Hanji-Based Clothing Helps You
Beat the Summer Heat
Have you ever experienced summer heat so severe it made you wish your clothes were made of something so light, it was like not wearing anything at all ? Well, the designers at Beanpole have come up with solutions designed to keep people cool during the hot summer months – and are using paper-based fabrics to do so.
The inspiration is hanji, a traditional form of paper that has been produced in Korea for more than a thousand years.
Made from the bark of the paper mulberry tree, a plant native to the Korean peninsula, hanji is a material integral to Korea’s traditional design, craft and manufacturing history.
The paper is used most notably to make Korea’s iconic battling kites – shield-shaped designs that hobbyists often pitted against one another in mock aerial combat.
Hanji is also used to make the distinctive paper lanterns that adorn Buddhist temples around Korea in May every year in celebration of Buddha’s birthday. The Seoul Lotus Lantern Festival, held annually in early summer, is a veritable festival for adherent Buddhists and craft enthusiasts alike. At the festival, vast and intricate lantern sculptures made of hanji become the centerpieces of a candle-lit street procession through the streets of the capital.
Korea’s hot, humid summers have led a great deal of craftspeople and designers to consider using hanji to make clothing.
In fact, in years gone by the Korean military even made hanji armor. Suits made from the material were not only surprisingly tough, but were also light and would not overheat their wearers.
Clothes made from hanji textiles are becoming increasingly common in Korea, and Korean fashion houses are now looking to export hanji designs to overseas markets.
Textiles specialists slit, twist and weave papers to produce a sort of yarn known as hanji-sa. Scientists such as Yong Jae Chung of the Korean National University of Cultural Heritage, have spoken about the material’s breathability, ventilation, moisture absorption and antimicrobial properties.
Jae Young Heo, a team leader at Beanpole Outdoor, explains, “You can wear hanji clothing in every season, and the material has outstanding deodorizing effects. We expect our hanji range to become trendy business-wear this season. Consumers are increasingly demanding clothing made from natural textiles.”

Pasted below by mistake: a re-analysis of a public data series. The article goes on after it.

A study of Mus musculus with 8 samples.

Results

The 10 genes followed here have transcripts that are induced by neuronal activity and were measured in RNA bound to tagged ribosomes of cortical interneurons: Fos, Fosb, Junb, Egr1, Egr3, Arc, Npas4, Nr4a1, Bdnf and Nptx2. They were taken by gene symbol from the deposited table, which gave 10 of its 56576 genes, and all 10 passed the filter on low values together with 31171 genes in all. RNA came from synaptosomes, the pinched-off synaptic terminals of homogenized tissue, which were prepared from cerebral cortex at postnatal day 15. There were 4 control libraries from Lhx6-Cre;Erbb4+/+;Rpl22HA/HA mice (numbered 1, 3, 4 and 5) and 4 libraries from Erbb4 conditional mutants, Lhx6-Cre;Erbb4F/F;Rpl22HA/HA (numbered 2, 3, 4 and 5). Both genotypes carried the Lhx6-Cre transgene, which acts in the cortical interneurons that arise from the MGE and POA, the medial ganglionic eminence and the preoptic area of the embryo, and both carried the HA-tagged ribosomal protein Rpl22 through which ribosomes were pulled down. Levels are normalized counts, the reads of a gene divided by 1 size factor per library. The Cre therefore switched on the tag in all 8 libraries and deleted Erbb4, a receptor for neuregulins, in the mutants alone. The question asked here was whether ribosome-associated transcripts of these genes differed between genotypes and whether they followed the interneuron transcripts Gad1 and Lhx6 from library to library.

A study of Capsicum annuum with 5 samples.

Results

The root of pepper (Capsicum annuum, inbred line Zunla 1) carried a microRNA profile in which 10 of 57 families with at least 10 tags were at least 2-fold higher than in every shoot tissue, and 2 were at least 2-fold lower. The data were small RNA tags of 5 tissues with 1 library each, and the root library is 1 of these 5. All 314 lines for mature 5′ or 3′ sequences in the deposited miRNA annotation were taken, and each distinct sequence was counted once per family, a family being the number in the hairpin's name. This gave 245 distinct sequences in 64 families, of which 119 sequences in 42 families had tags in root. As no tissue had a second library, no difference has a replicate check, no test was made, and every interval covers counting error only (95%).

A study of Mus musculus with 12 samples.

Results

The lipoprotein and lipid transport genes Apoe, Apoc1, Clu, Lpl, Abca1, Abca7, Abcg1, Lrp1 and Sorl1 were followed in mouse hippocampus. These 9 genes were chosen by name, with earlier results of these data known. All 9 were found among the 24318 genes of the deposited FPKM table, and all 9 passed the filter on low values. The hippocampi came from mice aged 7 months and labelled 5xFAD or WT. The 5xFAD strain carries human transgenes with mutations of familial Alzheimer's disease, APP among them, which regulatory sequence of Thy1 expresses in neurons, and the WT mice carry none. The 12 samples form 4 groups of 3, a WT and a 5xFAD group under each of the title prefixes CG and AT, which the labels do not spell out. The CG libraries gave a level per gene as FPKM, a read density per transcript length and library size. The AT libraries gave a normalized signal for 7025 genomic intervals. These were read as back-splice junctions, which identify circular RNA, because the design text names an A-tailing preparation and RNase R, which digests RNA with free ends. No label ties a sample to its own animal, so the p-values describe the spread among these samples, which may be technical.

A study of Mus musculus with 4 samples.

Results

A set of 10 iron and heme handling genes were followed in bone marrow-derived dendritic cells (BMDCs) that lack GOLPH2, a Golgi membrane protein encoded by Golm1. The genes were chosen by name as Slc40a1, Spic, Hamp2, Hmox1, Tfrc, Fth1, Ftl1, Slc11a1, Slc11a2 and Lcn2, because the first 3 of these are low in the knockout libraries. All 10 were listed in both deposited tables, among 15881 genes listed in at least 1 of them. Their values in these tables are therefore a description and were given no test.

Beanpole Outdoor has created a range of shirts using hanji, made by blending high-performance polyester and rayon with hanji yarn.
Odor-resistant hanji fibers make the shirts absorbent and light, say Beanpole designers, meaning wearers stay cool in the summer, but also warm in the winter. And even though these round-neck and collared styles are made using paper fibers, Beanpole’s new range of hanji shirts are washable, stretchable and wrinkle-resistant.
Hyun Joo Kang, a researcher at the Korea Institute of Convergence Textile, says that although clothing made from hanji fabrics can be worn all year long, they are a perfect fit for the summer months.
Says Kang, “It is important to keep cool and fresh during the summer. Clothes made of hanji fabrics do not stick to the body, and therefore allow sweat to evaporate quickly. Since the fabric is odorless and antibacterial, it is also more hygienic than many other materials.”
By bringing in a traditional craft from the past, Beanpole is creating cooler clothes, with a number of advantages that are ideal to get you through the summer. But even more so, hanji is helping redefine what clothing can be and expanding our fashion possibilities.